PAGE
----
Developers of F1 Manager 22 have announced the end of support for the game. Released on August 30, the Formula One manager simulator will receive one more major update with fixes suggested by players. In contrast, further updates will not significantly affect the gameplay.
A mediocre conclusion...
The decision of Frontier Development is surprising not only in the context of only two months that have passed since the game's release. In discussions on the game's forum on Steam and Reddit Internet users point out a host of remaining bugs, which were not even mentioned in the developer's new announcement.
Among other things, the developers wrote about fixing bugs related to fuel consumption during qualifications and incorrect calculation of the estimated time needed to complete a race. However, according to the players, F1 Manager 22 has other pressing shortcomings.
...and a lot of unsolved problems
Exaggerated and immersion-killing DRS (Drag Reduction System, which is used during overtaking), or malfunctioning pit stops (AI-controlled drivers always leave before the player's car) - these are just some of the game's most frequently cited issues. Some of these have been introduced by subsequent updates, but most of the problems have been present practically since the launch of F1 Manager 22.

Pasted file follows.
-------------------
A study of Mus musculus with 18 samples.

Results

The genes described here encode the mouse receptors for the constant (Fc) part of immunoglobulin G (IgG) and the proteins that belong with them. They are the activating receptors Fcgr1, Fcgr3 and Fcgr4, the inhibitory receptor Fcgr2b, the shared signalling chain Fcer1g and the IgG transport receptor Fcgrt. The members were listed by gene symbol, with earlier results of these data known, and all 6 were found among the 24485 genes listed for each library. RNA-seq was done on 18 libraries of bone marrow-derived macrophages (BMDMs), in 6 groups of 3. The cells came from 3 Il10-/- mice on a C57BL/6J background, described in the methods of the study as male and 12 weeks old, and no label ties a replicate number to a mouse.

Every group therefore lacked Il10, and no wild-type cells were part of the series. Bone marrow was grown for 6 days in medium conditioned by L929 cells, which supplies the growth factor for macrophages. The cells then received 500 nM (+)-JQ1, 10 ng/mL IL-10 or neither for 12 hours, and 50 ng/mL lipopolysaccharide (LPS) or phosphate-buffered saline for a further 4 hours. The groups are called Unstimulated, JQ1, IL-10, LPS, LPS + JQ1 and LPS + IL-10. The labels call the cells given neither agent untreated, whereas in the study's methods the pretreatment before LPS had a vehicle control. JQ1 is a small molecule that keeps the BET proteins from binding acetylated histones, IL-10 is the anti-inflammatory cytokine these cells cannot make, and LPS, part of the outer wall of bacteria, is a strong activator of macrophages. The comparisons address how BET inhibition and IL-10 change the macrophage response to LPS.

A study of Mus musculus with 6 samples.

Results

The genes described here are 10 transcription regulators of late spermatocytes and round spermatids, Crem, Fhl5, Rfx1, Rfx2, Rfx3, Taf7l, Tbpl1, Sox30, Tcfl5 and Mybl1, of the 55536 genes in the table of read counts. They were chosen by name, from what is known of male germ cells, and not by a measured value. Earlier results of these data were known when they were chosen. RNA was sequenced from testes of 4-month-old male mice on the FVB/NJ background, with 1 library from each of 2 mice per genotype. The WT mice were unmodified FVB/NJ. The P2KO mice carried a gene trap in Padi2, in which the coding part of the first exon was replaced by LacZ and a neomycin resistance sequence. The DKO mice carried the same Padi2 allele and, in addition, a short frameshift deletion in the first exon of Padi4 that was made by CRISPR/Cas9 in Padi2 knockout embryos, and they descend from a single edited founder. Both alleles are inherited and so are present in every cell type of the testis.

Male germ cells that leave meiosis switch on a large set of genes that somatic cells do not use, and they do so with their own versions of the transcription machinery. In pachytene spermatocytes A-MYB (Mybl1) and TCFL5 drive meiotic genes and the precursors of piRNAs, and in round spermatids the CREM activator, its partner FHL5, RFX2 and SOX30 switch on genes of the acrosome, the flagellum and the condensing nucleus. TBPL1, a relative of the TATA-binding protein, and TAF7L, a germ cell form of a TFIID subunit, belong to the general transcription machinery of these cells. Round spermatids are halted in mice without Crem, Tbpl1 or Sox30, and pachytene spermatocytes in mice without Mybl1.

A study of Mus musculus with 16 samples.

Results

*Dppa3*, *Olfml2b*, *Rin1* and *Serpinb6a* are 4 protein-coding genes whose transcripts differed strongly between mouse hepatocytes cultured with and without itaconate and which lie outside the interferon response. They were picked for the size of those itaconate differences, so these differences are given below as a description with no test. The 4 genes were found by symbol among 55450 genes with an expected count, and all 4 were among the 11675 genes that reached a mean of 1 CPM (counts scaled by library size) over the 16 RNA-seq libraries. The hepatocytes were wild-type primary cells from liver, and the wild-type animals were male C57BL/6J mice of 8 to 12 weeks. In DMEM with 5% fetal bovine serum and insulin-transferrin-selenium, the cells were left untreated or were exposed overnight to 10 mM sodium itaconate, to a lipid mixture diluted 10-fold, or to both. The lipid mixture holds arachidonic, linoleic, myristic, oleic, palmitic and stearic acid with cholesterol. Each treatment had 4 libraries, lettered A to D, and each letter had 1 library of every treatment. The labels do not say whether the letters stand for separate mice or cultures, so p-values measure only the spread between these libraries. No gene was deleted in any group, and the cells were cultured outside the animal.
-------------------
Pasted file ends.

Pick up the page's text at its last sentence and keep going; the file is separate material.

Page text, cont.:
To these we can add, among others, problems with overtaking (including so-called unlapping - overtaking of the leader's vehicle by drivers going one lap behind him) and - and this is probably the biggest criticism of the game - the overly repetitive and predictable nature of the races (collisions and crashes on the track are rare). And it doesn't stop there either - Internet users really have a lot of objections.
F1 Manager 22 disappointed players
It is not surprising, then, that the announcement of the end of support for the game after the next update was received with furious disbelief. After all, this is not the first case of a game failing at launch in many respects. There is no shortage of examples of developers who have managed to save games that most players have written off.
Some players cynically conclude that Frontier Developments is probably already thinking about the next installment, which will only correct some of the faults found in F1 Manager 22. The less malicious users even wonder if the developer's decision is not the result of prematurely delegating most of the developers to a new project.
However, it is questionable whether buyers of F1 Manager 22 will look favorably on the next installment. At least judging by the comments of disappointed people who certainly won't spend $50 after this year's Frontier Developments fiasco.